TV spending dropped 4% in September, leaving it late for the third quarter, according to the latest figures from Standard Media Index.
The September TV decline left the broadcast year down 4% and came in contrast to a 29% increase in spending on digital advertising.
Broadcast TV ad spending was down 4% in September and cable was down 5%. Syndication was off 14%.
Among the broadcasters, the top performers in September were ABC, Univision and Telemundo. ABC and Telemundo were the only broadcast networks to finish up for the quarter, SMI said.
The top cable networks were AMC, HGTV, Food Network and ABC Family. AMC Networks and HGTV and Food owner Scripps Networks were the only cable groups to post gains for the quarter.
Upfront spending was down 4% overall while scatter spending was down 5%, with a 3% increase for the broadcasters offset by an 11% decline for cable.
“September’s results again show that a healthy ad market continues to be driven by a robust digital sector. Television is experiencing considerable rating challenges and this is definitely flowing through to revenue," said James Fennessy, SMI’s chief commercial officer.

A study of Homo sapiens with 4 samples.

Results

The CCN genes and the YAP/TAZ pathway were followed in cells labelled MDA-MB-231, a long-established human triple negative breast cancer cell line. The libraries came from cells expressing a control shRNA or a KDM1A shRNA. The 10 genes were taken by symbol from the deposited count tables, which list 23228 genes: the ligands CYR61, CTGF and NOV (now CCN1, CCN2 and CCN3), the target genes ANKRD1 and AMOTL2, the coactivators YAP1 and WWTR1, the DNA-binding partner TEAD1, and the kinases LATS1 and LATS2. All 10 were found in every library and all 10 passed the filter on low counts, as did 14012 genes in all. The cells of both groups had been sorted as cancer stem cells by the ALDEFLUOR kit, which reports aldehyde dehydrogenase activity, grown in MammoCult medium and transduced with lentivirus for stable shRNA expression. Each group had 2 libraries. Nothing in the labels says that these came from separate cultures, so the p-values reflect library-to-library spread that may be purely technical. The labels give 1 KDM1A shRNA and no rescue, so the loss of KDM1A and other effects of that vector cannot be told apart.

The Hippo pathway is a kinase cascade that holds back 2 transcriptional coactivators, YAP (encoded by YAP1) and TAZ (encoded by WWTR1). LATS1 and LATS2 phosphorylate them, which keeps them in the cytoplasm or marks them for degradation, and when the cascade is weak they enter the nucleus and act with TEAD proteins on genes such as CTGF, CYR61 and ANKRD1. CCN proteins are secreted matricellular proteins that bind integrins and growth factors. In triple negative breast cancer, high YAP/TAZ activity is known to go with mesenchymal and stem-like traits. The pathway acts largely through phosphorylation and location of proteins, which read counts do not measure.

Major television events like the Republican Party presidential debates and the NFL and college football season kickoffs were unable to boost TV network revenues enough to deliver gains. “The hope is that new season programming will drive audiences back to the traditional networks but we haven’t seen this just yet,” Fennessy said.
Overall, SMI says ad spending was up 6% in September.
The digital gains were driven by a 105% jump at social media sites, 67% gains for video sites and 56% for Internet radio.
SMI gets it data from the computer systems of major media agency holding companies representing 80% of U.S. spending.
Jon has been business editor of Broadcasting+Cable since 2010. He focuses on revenue-generating activities, including advertising and distribution, as well as executive intrigue and merger and acquisition activity. Just about any story is fair game, if a dollar sign can make its way into the article. Before B+C, Jon covered the industry for TVWeek, Cable World, Electronic Media, Advertising Age and The New York Post. A native New Yorker, Jon is hiding in plain sight in the suburbs of Chicago.